Everyone wants simplicity and improved business productivity; will Alexa or Cortana provide that? It’s too early to tell, but interest in digital assistants is there, even if there is still a lack of killer enterprise use cases. Alexa and others currently help office employees set up meetings and conference calls, read out email, and other mundane tasks (and for the moment that’s OK!), but evidence shows businesses do recognize the potential.
Nearly 24 percent of large companies already use digital assistants and that’s expected to grow to 40 percent within a year. So, why wouldn’t B2B organizations look to find some way to integrate them into their software and platforms? And what’s one aspect businesses will need: Management.
Citrix so far appears to be the first company stepping up to the plate to offer a management solution for customers, even if there doesn’t exactly seem to be demand for it. Granted Alexa for Business was only announced in late November 2017, but still. Citrix has shown willingness in the past to work on forward-thinking ideas, even if it doesn’t always pan out (think Octoblu and the Nirvana Phone). So, it’s not a huge surprise they’d look to find a way to include voice assistants, in some way, into upcoming product releases.
Citrix initially revealed Alexa for Business management during their Synergy 2018 keynote. Unfortunately, that’s all the info we got. As I’m settling in at BrianMadden.com, digital assistants in the enterprise have sort of turned into my beat and I wanted to find out Citrix’s plans.
I spoke with Milind Mohile, senior director of product management at Citrix. He explained that they built in Alexa for Business management because they see digital assistants gaining traction in the enterprise in the next few years. Voice assistants may have limited use cases now, but Citrix sees the future potential as development expands and as more companies introduce Alexa and other assistants into offices.
Milind showed me a demo of how Alexa for Business management will work through XenMobile. For administrators, accessing and managing Alexa devices (once device setup is out of the way) is rather simple. They can manage Alexa devices and provision new ones alongside all other managed devices in XenMobile. It all looks pretty slick and easy to handle. The only real difficult aspect appears to be the initial device setup.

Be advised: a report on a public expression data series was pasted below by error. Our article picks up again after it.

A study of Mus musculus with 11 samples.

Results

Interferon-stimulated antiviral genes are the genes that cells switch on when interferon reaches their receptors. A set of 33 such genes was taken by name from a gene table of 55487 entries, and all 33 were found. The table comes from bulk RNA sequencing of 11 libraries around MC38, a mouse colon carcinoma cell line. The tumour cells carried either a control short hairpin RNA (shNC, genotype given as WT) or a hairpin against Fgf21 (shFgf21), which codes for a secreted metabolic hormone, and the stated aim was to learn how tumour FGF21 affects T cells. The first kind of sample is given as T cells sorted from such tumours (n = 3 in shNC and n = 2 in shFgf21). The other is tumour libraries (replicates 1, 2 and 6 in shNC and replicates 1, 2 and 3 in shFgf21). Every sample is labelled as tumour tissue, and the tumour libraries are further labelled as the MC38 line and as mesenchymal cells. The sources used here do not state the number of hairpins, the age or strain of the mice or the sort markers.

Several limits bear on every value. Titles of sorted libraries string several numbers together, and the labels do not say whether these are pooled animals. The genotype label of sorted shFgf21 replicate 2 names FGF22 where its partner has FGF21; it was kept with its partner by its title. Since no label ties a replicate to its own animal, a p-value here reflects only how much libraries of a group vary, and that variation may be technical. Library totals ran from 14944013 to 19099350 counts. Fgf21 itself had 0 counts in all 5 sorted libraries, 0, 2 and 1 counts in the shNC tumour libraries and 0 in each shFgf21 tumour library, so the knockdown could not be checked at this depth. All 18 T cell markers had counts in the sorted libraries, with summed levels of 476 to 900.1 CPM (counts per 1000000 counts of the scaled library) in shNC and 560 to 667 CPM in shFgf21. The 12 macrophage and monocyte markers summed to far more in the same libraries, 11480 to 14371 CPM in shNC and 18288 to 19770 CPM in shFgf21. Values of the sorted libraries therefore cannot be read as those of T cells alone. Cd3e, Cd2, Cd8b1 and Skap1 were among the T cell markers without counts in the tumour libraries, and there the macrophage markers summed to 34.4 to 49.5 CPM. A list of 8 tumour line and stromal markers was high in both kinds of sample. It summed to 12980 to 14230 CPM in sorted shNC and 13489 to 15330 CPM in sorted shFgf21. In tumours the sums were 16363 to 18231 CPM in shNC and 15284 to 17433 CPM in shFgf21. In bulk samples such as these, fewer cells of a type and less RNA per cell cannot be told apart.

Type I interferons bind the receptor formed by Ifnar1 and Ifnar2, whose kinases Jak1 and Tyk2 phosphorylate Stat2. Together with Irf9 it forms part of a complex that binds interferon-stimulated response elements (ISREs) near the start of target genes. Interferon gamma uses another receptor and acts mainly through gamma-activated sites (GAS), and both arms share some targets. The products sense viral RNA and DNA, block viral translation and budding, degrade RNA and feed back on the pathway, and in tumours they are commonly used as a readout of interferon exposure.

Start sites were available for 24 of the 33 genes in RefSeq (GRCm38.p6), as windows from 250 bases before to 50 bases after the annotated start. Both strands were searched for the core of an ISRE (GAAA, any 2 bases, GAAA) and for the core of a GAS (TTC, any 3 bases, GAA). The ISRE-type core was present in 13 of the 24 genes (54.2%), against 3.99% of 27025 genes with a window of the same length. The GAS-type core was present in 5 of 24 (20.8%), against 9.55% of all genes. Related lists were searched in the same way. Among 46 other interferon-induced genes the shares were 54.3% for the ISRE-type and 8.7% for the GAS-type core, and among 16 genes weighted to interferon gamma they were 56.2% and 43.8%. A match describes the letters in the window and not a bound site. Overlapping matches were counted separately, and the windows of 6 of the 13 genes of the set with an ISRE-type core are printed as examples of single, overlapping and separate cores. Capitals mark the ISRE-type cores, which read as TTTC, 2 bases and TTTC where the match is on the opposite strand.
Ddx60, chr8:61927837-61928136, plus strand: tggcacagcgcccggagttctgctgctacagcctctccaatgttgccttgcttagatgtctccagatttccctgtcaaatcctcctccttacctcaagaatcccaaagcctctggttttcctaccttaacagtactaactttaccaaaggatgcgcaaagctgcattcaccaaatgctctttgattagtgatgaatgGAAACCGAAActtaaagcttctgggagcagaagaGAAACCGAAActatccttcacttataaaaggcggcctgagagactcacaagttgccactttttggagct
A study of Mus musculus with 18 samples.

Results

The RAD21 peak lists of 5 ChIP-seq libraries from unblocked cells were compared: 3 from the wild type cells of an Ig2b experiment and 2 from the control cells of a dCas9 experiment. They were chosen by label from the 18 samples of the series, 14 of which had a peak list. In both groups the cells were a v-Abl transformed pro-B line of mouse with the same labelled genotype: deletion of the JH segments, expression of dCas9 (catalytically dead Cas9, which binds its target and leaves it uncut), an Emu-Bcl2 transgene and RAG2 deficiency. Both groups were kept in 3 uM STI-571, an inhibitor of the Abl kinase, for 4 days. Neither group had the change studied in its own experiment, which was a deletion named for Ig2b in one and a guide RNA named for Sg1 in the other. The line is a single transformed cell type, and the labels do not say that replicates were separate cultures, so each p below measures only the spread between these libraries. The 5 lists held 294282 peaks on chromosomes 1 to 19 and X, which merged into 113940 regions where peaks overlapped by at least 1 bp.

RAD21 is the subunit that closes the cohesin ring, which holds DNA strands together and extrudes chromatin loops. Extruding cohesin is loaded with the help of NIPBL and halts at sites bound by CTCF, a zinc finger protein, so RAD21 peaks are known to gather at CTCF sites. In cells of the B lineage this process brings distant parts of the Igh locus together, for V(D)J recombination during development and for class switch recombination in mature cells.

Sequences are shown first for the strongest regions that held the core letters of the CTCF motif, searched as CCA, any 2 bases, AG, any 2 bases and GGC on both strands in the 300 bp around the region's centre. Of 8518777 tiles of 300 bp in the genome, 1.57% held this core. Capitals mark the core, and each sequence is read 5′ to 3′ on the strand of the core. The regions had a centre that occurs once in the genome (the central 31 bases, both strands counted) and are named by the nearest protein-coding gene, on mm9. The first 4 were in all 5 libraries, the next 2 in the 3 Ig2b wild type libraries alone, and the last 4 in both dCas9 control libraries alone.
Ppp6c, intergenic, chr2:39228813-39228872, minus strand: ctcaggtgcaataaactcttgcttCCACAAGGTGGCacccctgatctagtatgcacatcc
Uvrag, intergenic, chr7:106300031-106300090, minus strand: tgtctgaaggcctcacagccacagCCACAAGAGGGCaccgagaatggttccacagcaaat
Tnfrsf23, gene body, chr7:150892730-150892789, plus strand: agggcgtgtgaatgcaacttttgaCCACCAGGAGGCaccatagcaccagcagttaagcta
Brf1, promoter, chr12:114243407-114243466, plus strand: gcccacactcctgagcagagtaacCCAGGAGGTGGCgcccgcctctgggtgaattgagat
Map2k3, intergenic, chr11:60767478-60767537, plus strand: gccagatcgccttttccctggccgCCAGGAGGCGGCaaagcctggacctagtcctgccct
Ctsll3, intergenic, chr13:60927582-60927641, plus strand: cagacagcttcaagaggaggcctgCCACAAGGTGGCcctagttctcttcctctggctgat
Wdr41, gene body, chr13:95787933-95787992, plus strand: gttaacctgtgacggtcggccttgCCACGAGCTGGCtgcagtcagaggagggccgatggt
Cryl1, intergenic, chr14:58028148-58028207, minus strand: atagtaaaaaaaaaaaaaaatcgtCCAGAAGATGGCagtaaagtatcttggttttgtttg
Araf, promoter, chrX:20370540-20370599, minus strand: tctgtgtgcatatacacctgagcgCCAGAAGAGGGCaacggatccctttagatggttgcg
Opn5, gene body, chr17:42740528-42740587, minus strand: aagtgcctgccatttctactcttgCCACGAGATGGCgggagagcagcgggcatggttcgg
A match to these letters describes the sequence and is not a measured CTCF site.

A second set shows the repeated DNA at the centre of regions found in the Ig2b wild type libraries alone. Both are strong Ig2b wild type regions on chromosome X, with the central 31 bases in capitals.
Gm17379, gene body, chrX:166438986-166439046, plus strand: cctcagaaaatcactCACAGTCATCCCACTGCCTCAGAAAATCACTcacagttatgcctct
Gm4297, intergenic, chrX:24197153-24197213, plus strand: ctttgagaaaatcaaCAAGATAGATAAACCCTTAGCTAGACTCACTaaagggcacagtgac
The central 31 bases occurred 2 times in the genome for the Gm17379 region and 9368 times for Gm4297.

Amazon has full administrator guides and API documentation worth digging through. It shows that the device enrollment process is still a manual process, using a connected PC. (Something like the Apple Device Enrollment Program would be a big help in the future). Once set up, Amazon and Alexa conduct a handshake authentication for each device and it’s ready to be managed by Citrix through XenMobile, like any other device.
Once devices are enrolled, you do management tasks such as:
- Associate Alexa devices to specific conference rooms
- Manage skills, as well as provision any private skills the company may have developed
- Integrate with conference call systems
- Associate users personal accounts and Echo devices with your Alexa for Business environment. (Yes, one more BYOD thing to worry about!)
Alexa for Business management will be ready as part of Citrix’s 90-day promise made at Synergy, but additional features will come online down the road. For the moment, Citrix is merely integrating existing Alexa for Business APIs into XenMobile. There are quite a few features in the Alexa for Business API already, so we’ll have to see how all the exact functions get exposed in Citrix’s admin console.
Security is obviously a huge concern for businesses and could be the main reason digital voice assistant adoption stumbles. It seems that every few weeks we hear of Alexa doing something unexpected. Just last week there was the story about the couple’s Amazon Echo recording their conversation and then sending it to someone they knew.
Amazon says the issue arose because Alexa thought it heard the wake word (you have a few wake word options—our fav is the generic “computer”) and then after recording for a bit, thought it then received the command to send message. All that and the couple were just talking about hardwood flooring—potential customers will obviously be very concerned about their corporate data after anecdotes like this.
For their part, Milind said Citrix is working with AWS on more security APIs, but those won’t be ready at launch. Because of this, Citrix admits to seeing limited initial use by customers until security APIs are ready. That’s when they believe adoption will pick up. Clearly security is a huge concern; Citrix has experience with security-conscious customers, so if they work together to get this right, this could go a long way toward helping Alexa in the enterprise.
One of the potential security options that Milind mentioned was disabling Alexa when not in use. With Citrix Analytics and all their security efforts, there’s a lot that they could potentially do. Jack suggested one potential option they should consider is allowing for user authentication via device location.
While Alexa for Business was the first digital assistant selected, Citrix plans to eventually offer management solutions for other enterprise digital assistants. Alexa is first up simply because Alexa has existing APIs Citrix can use for integration into XenMobile. But, really it’s not difficult to see why Alexa might get picked over others: Amazon already has wide Alexa adoption on the consumer side and is now focusing on adding Alexa into any device they can, to increase adoption on the enterprise side.
Eventually, Milind says Citrix hopes to integrate digital assistants into Citrix products and offer more than just management capabilities.
As digital voice assistant adoption grows, so too will the need for corresponding management and security solutions; Citrix is the first offering that’s come up, but you can be sure that others are in the works.